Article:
New guidelines for NYC’s COVID mandate for private business unveiled
Mayor de Blasio provided more details Wednesday on how the city will carry out its mandate that businesses ensure employees get at least one dose of the COVID vaccine — and the new rules will involve plenty of record-keeping and the possibility of fines.
The mandate, which de Blasio announced last week, requires that all employees reporting for work in person have at least dose of the vaccine by Dec. 27 — but until Wednesday, the city’s guidelines surrounding the new rules had not been made clear.
Under those guidelines, which were laid out at a City Hall press briefing and posted on the city’s website, tens of thousands of businesses in the Big Apple will have to maintain proof of vaccination records for employees, as well as records on whether workers were granted a reasonable accommodation for refusing the vaccine — whether it be for medical or religious reasons.
Businesses will have to verify proof of vaccination before permitting workers from entering the workplace and maintain a record of that verification. Outside contractors working at a job site will also be required to provide proof of vaccination through their employers.
“This is a first in the nation action with respect to the private sector vaccine requirement and it is necessary on the grounds of protecting public health and safety,” said city Health Commissioner Dr. Dave Chokshi.
De Blasio suggested the city would not take an aggressive approach to enforcement — at least initially.
“We want a cooperative, positive approach,” he said of the city’s enforcement efforts around the new mandate. “If we find a problem, we simply ask the business to address it, to fix it.”
That’s the approach the city has so far taken with a separate vaccination mandate for people going into restaurants and venues — and so far, Hizzoner said, it has worked.
Despite de Blasio’s hopeful outlook, the new mandate for businesses also includes a provision that allows the city to levy fines of up to $1,000 for each time an employer runs afoul of the rules.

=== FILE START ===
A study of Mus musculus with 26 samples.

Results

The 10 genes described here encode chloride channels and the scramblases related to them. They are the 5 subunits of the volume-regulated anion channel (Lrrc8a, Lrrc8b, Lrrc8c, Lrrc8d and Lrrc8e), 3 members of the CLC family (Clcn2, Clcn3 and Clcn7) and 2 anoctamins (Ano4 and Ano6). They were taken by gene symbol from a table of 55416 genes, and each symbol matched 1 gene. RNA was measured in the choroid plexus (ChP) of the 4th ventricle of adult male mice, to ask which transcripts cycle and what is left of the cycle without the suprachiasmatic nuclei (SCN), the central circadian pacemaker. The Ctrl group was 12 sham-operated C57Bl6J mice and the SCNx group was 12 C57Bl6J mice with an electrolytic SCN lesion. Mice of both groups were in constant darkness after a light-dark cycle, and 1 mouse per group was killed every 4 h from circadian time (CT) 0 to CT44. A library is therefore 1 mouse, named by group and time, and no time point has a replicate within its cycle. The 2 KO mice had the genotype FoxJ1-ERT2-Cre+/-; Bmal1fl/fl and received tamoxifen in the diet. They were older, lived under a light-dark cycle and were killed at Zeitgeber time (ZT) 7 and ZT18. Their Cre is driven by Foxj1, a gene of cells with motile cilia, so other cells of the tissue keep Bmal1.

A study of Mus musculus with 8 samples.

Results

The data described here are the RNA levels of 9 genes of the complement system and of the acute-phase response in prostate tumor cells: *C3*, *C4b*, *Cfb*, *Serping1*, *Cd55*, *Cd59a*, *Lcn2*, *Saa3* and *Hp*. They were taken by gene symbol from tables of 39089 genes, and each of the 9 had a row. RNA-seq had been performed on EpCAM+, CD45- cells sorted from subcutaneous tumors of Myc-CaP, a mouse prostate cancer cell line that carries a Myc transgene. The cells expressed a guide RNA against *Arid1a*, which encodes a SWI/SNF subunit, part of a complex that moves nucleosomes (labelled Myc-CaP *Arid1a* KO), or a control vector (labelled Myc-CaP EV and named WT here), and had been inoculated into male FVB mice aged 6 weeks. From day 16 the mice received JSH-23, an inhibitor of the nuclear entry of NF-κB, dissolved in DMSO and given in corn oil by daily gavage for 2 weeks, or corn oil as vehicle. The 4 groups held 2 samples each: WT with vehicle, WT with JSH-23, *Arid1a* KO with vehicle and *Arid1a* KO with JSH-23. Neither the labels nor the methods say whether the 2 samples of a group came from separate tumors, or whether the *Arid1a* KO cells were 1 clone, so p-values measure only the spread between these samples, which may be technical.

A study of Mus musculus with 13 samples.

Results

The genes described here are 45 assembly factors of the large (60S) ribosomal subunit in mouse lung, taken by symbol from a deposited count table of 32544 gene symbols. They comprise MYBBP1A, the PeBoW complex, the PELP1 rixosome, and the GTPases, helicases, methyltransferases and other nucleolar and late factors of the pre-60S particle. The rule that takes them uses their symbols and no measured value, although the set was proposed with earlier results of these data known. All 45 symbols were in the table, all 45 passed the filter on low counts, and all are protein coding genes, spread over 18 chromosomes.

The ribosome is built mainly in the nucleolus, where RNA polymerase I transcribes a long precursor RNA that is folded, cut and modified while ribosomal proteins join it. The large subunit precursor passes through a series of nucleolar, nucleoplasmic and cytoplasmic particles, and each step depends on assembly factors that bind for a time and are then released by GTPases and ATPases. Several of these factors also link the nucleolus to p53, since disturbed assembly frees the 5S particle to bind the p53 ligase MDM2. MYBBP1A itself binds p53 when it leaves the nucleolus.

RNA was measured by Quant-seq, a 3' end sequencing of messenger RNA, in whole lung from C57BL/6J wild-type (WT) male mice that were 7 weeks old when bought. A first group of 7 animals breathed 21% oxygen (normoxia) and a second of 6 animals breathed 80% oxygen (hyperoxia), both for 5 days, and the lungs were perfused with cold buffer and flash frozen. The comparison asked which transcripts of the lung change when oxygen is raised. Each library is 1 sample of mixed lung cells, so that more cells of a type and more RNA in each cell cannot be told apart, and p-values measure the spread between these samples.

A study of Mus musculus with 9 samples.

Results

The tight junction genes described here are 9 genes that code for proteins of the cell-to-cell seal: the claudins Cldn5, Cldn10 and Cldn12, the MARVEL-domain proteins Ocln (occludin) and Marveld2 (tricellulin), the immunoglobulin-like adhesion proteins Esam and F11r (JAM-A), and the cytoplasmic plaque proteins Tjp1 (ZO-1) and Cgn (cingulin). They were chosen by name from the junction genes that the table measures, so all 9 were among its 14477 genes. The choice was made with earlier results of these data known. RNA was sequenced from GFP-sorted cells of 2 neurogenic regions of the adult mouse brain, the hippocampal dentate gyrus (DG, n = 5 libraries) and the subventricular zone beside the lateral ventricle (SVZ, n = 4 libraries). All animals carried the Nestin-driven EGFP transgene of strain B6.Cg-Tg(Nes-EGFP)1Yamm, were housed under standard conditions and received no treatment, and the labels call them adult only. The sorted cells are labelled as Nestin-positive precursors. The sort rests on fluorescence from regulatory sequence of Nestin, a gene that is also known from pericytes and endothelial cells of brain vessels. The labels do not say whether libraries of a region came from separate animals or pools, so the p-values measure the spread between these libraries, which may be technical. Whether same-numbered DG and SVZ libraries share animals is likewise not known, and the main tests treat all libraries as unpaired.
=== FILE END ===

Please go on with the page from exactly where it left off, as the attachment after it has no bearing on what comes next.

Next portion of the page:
“In a very, very few cases, we’ve needed to apply penalties,” de Blasio noted, referring to the mandate regarding restaurants and venues “But very rarely. The goal is not to penalize. The goal is to simply make this work.”
Businesses around the city aren’t viewing the new guidelines as all that simple, though.
Thomas Grech, president of the Queens Chamber of Commerce, called the $1,000 fines “ridiculous” and expressed dismay for businesses, which will now have to determine whether employees are eligible for medical or religious exemptions.
“Our small businesses are now being asked to be medical experts to determine whether people qualify for a medical exemption and will have to determine whether an employee is exempt for religious reasons, putting at risk relationships between employers and their employees,” he said. “It’s another smack in the head to small businesses as they’re trying to keep their heads above water.”
Business leaders weren’t the only ones left fuming by the city’s new guidance Wednesday — which comes just two weeks before de Blasio leaves office.
New York City Council Member Joe Borelli (R-Staten Island) also slammed the mayor for the move.
“The mayor doesn’t have the authority to knock down the door of an insurance agency and round up people at the water cooler,” he said. “It turns out people have rights, and many businesses are not licensed or regulated by city government. The mayor could have announced this while talking to a wall.”
The city’s top lawyer, Corporation Counsel Georgia Pestana, countered that the city does have the authority to issue and enforce the mandate. She also noted that employers with four or more employees should already be equipped to determine whether or not an employee has a reasonable accommodation.
“It’s the law that when somebody can’t comply with a requirement or needs an accommodation to be able to do their work, they — employers — undertake the reasonable accommodation process,” she said. “So, it’s not a foreign concept to the overwhelming number of employers in New York City.”
While that might be so, Randy Peers, president of the Brooklyn Chamber of Commerce, predicted it would be a lot for businesses to digest in a relatively short time span.
“It’s a bad policy, and it’s not going to solve for COVID,” he said. “It could make the already bad situation for small businesses worse.”
Peers said that not only does having to determine reasonable exemptions for COVID vaccines put more of a burden on business owners, but having to terminate employees because they’re not vaccinated will also spell trouble when employers are already struggling to identify new hires.
Given that the mandate will begin taking effect on Dec. 27, just four days before de Blasio steps down, Peers said he’s hopeful that Mayor-elect Eric Adams will reconsider it.
“My hope is that one of the first things the incoming Adams administration looks at is this ridiculous policy,” he said. “It just doesn’t make any sense.”